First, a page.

Spotlight on Venice: Climate change a wash in the City of Water

Photo: Ian Britton

Ahh, Venice – the City of Water. Built on a lagoon along the Adriatic Sea, there must be a looming disaster in store for this lovely, sinking city in the face of climate change. Right?

That was the harsh verdict of the Intergovernmental Panel on Climate Change (IPCC). But new research is questioning that conclusion. The frequency of storm surges– known by Venetians as “Acqua Alta”– is expected to drop 30 percent by the end of this century.

That’s according to research led by Alberto Troccoli from the Commonwealth Scientific and Industrial Research Organisation in Canberra, Australia and published in the most recent edition on the journal Nature Climate Change.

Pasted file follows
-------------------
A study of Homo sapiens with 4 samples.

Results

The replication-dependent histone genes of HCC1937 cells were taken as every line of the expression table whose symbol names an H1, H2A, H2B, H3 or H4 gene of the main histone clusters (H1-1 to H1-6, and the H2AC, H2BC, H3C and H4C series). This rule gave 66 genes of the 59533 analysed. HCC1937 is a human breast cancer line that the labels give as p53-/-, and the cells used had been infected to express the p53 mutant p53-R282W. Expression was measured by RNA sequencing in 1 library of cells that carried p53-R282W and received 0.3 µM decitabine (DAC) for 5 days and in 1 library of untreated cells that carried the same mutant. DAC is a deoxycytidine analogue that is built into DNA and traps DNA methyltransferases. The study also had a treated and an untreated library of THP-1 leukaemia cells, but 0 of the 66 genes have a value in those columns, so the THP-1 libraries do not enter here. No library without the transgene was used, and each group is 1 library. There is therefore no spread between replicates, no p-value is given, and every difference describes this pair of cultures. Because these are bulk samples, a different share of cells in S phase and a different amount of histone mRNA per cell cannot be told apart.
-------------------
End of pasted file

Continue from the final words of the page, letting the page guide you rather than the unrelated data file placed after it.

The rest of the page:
Under climate change, weather patterns in the Mediterranean buffer the Northern Adriatic from the ill affects of extreme tides. Weather data on storm surges from 1958-1997 back this up. A decrease in the persistence and intensity of weather conditions that trigger dramatic storm events in Venice occurred over that time period. Using climate and weather models, the researchers concluded that those patterns are expected to persist. That would offset an expected 17 cm rise in sea levels over the next 90 years.

In the end, there may be little change in the amount of flooding that drowns Venice. It’s an interesting example of how global climate change has very specific regional implications. And sometimes, those impacts are not what you’d expect.